The Australian Competition and Consumer Commission (ACCC) has decided to wade into the SMS market and regulate wholesale SMS costs, in a move that the watchdog says may lead to lower SMS prices.
The commission today concluded its lengthy review into the Mobile Terminating Access Services (MTAS) that sets the rate telcos can charge other telcos to call their networks. The five-year declaration was due to expire this month, but the ACCC has decided to extend it for an additional five years out to 2019.
The mobile telecommunications industry was largely in broad agreement over the MTAS regulation, with Telstra, Optus, Vodafone, Macquarie Telecom, AAPT, and iiNet all agreeing that it should be maintained to ensure competition in the mobile telecommunications market.
Another idea floated by the ACCC during the inquiry had less support, however. The ACCC has said it was looking to declare SMS and MMS services and have costs regulated, and today decided it would regulate SMS charges.
Optus had been in favour of regulation of SMS prices, because it said that the price telcos charge each other to deliver SMS messages had not changed in a decade, despite new alternative over-the-top services such as WhatsApp and iMessage entering the market to compete with traditional SMS.
Telstra and Vodafone were opposed to the proposal, however, stating that the fees charged between the telcos tend to balance out as customers reply to each others' messages, and most customers have unlimited SMS and MMS included in their plans.
In its decision, the ACCC said that those unlimited plans generally started at AU$60 per month, and many users were on plans that didn't include unlimited SMS. Additionally, it said that over-the-top messaging services were not used by everyone, including 30 percent of the Australian market it said did not have smartphones.
"In considering the relevant downstream market, the ACCC found that OTT messaging applications are not an effective substitute for SMS services," the ACCC said.
"This was because these messaging applications require a smartphone, which only a portion of Australians used, and a data connection. Further, there are many different OTT messaging applications available to consumers, but for end-users to communicate, they must have the same application.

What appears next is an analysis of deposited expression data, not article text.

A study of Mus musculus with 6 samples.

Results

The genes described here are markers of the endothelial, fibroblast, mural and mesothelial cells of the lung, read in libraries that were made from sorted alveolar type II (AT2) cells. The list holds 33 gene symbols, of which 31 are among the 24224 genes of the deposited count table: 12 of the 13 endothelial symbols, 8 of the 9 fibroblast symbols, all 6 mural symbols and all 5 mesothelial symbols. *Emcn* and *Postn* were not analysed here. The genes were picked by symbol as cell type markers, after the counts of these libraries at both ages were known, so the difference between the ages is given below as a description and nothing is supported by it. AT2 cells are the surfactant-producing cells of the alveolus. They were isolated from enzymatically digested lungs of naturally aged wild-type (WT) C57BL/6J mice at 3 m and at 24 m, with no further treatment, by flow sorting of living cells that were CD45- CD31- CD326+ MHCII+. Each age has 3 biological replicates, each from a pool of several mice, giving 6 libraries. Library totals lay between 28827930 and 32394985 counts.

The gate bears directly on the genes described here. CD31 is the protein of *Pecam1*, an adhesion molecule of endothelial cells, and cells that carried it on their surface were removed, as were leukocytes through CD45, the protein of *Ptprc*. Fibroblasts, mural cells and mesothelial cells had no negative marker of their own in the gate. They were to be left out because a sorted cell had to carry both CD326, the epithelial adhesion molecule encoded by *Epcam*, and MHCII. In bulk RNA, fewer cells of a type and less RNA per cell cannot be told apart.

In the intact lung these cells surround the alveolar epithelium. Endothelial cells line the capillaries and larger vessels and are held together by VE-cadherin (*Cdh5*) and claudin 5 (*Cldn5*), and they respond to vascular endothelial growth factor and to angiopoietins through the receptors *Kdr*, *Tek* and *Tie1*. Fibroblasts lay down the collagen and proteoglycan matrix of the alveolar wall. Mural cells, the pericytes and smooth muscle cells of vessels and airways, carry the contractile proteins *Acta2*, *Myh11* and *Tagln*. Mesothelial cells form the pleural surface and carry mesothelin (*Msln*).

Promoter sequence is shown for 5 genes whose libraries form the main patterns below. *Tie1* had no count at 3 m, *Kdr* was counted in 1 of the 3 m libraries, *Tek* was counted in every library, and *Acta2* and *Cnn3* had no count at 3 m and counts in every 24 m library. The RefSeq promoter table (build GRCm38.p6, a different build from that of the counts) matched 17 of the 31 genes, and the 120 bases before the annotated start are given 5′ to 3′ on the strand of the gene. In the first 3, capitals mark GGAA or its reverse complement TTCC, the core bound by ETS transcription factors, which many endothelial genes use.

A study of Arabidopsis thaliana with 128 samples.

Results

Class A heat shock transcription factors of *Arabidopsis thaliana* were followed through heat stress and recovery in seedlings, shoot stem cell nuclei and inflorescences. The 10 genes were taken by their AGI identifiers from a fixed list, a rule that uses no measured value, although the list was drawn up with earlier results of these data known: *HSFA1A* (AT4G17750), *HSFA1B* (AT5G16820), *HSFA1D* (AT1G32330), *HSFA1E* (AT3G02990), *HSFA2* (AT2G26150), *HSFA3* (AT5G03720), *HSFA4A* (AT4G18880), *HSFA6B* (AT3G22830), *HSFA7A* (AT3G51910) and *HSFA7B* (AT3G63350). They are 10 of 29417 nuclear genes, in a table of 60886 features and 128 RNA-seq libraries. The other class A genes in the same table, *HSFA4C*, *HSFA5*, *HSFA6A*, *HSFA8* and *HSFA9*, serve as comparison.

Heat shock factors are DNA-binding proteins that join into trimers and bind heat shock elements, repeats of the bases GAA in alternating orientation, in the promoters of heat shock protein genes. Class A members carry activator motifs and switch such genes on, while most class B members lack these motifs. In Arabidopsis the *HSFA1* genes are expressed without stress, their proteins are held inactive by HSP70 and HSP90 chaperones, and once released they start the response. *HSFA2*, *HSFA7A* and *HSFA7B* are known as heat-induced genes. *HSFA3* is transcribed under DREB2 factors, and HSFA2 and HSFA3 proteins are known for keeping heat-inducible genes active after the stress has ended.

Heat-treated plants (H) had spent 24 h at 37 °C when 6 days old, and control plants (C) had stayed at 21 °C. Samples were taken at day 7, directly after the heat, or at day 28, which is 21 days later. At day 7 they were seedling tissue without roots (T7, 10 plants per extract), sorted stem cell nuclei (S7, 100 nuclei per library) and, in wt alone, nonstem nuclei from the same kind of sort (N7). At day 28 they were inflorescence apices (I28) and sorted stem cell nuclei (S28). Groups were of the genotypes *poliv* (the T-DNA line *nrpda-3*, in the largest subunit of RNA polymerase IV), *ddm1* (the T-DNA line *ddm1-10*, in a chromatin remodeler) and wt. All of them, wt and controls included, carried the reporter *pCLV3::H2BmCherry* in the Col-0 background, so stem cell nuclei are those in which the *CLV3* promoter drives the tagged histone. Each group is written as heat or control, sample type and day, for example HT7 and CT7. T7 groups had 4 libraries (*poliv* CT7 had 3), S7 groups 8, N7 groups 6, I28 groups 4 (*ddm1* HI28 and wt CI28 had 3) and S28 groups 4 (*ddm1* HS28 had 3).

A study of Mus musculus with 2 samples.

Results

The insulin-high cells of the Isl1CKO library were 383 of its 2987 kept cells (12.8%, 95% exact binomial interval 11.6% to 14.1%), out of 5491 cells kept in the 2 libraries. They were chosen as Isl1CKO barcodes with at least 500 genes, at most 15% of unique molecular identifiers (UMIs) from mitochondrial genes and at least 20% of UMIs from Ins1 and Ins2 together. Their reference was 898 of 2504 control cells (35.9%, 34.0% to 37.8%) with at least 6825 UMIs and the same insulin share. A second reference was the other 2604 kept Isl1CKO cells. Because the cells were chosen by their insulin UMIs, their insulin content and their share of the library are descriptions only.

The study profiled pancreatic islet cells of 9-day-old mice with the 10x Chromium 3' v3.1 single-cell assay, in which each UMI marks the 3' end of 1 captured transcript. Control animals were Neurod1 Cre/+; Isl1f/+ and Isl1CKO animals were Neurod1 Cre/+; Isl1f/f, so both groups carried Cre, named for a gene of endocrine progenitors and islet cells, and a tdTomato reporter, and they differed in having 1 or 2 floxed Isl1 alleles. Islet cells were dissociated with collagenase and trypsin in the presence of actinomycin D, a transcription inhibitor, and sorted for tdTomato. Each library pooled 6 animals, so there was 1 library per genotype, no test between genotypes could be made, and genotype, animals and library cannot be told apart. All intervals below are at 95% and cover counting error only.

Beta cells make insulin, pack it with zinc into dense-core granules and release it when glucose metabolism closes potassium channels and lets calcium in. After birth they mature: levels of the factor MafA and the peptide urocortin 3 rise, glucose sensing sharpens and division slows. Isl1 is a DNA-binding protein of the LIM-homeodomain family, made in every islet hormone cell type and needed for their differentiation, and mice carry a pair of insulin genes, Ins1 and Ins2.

"In contrast, SMS services can be sent between any two mobile users,without the need for a smartphone, the same application or data connection."
The ACCC said that it decided to regulate with the aim of reducing the cost of SMS services to low income consumers.
A spokesperson for Telstra said the company welcomed the MTAS regulation, but said it saw no need for SMS regulation.
"We see little benefit in regulating wholesale SMS as our customers already have access to unlimited SMS on our most popular plans and can choose from a host of alternatives with the emergence of smartphones, message applications and social media," the spokesperson said.
"We are reviewing today's decision and look forward to participating in the next stages of the review."
Optus welcomed both decisions.
"Optus has been the leading advocate for lower SMS termination. Optus welcomes the decision of the ACCC and looks forward to substantially lower termination rates, which should increase retail price flexibility for mobile providers," a spokesperson for Optus said in a statement.
"In particular, the ACCC's decision will help Optus to continue to offer unlimited SMS to customers on our market leading My Plan Plus plans. The trend is clear: customers want simpler, more transparent telecommunications pricing. This decision will help deliver that outcome."
Matthew Lobb, Vodafone's general manager for public policy said that SMS regulation was "unnecessary red tape."
"Our view remains the declaration of SMS termination rates introduces unnecessary red tape, as the majority of plans already include unlimited SMS for a fixed price. What we believe needs urgently addressing is the impact from Telstra's high fixed to mobile voice rates. These have not fallen in line with the substantial MTAS reductions of the last decade and have already cost consumers more than AU$1.4 billion," he said.